The initial horrors of Katrina have passed, but people are still homeless, crammed like sardines into stadiums and other shelters, and often refused basic health care. Even if you don’t have cash money to spare, there are options. One Astrodome volunteer is accepting donations of old cds, cassettes, walkmen, portable cd players, boomboxes, headphones and batteries. She’ll make sure they’re distributed to teenagers displaced by the hurricane.
Since September 10th, we have had refugees from Katrina living with us, and I have just seen them off on a plane back to New Orleans where they have a relatively undamaged house in Metairie. I’m in a terrible state of worry about them, as well as grief, fury, outrage–none of which is the point I’m trying to get to.
I happened to see John Grisham on CNN last night talking about rebuilding libraries in the towns along the gulf, and I have been trying to find some method for selling a signed first edition of [Robert Penn Warren‘s] All the King’s Men in a way that would allow the proceeds to go directly to Katrina victims. I’m less worried about libraries right now [than about] people without homes or family who need basic help first. But I wondered if someone who reads your site may know people who would want to help hurricane victims, buy some first editions, and receive a charitable deduction all at the same time.
Red Warren was my godfather, and the book is inscribed to me, but I don’t know if that would help or hurt its sale price. I also have a volume of my grandfather’s first book, which was published by Virginia and Leonard Wolfe with an introduction by Robert Graves (my grandfather was a poet, John Crowe Ransom), and I doubt that there were more than a few hundred printed. I’m thinking that if I could put together a group of first editions by Southern writers perhaps they could be sold as a package.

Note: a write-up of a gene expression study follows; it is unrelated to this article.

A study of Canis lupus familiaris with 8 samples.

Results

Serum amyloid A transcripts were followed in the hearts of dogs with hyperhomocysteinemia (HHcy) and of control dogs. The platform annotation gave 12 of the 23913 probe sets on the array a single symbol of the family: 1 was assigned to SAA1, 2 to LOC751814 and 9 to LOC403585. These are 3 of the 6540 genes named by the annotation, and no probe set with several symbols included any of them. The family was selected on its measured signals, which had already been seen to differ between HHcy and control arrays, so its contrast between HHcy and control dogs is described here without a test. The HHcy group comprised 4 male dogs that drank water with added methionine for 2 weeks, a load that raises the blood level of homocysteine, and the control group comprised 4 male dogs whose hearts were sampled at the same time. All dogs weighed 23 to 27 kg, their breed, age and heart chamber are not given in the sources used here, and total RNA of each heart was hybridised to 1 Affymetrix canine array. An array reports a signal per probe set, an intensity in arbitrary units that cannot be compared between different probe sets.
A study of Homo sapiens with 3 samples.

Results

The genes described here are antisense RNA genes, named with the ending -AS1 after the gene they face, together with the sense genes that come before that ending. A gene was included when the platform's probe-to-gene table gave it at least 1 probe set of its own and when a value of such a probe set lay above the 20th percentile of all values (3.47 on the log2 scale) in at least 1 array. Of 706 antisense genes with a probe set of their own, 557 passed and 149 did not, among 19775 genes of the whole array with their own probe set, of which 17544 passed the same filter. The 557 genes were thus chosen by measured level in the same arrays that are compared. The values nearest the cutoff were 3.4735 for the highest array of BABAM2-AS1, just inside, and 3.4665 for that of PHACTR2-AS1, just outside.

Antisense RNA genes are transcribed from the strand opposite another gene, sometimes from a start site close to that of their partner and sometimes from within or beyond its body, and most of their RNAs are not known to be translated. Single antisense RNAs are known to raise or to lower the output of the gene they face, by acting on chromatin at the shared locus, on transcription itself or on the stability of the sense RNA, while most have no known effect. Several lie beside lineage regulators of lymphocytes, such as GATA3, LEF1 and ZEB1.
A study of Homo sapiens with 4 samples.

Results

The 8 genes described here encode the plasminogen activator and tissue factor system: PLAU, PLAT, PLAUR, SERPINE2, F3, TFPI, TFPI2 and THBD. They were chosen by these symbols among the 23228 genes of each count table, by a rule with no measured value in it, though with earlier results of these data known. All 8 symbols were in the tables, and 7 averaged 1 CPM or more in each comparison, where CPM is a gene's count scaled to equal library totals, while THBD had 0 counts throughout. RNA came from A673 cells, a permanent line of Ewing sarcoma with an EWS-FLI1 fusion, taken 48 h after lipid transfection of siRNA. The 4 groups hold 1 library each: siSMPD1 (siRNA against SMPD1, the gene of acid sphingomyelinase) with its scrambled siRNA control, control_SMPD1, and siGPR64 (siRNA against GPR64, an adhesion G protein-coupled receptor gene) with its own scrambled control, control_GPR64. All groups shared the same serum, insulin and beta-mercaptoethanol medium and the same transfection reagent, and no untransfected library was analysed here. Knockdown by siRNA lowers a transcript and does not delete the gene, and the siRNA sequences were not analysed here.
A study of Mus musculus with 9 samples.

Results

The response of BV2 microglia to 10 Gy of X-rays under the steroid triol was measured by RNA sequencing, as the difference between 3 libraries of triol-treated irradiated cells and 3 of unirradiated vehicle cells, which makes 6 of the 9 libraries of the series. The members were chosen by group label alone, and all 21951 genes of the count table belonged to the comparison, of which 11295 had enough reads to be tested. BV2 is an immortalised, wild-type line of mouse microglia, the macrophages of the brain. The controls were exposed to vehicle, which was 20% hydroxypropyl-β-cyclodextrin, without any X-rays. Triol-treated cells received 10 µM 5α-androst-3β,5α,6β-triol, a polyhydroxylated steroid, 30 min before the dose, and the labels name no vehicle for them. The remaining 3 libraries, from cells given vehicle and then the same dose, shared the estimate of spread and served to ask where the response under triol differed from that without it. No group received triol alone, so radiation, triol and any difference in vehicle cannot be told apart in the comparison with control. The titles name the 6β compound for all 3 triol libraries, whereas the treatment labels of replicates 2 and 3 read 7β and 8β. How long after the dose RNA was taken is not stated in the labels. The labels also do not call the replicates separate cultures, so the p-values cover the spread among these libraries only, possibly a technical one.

If anyone has any thoughts about the best way to go about selling these items, or would like to donate first editions of their own or other Southern writers’ works to the cause, please email me at email@example.com, and I’ll pass your message along.
Other ways you can help:
- Books XYZ is rebuilding schools in areas destroyed by Katrina, and has collected letters from authors who’ve donated, including Cory Doctorow and Joanne Harris.
- Colleen Mondor (a Bookslut contributor) writes to say that she’s still seeking books, particularly for children and young adults, to be distributed in Baton Rouge. She’s trying to get the word out to authors, illustrators, publishers, book and comic book reviewers. The address for donations is Josh Causey, Parkview Baptist Church, 11795 Jefferson Highway, Baton Rouge, LA 70816.
- Pia Ehrhardt (who recently won the Narrative Magazine prize for a short story called “Famous Fathers”) reminds me of The Neighborhood Story Project, given new life by Soft Skull Press. She says, “Abram Himelstein is a force of nature. Giving voice to kids — one at a time. Or in this case, five. This article and excerpt recently ran in the Houston Chronicle.” You can hear one of the participants on This American Life, and you can buy copies of the books (and presumably help fund more in the series) here.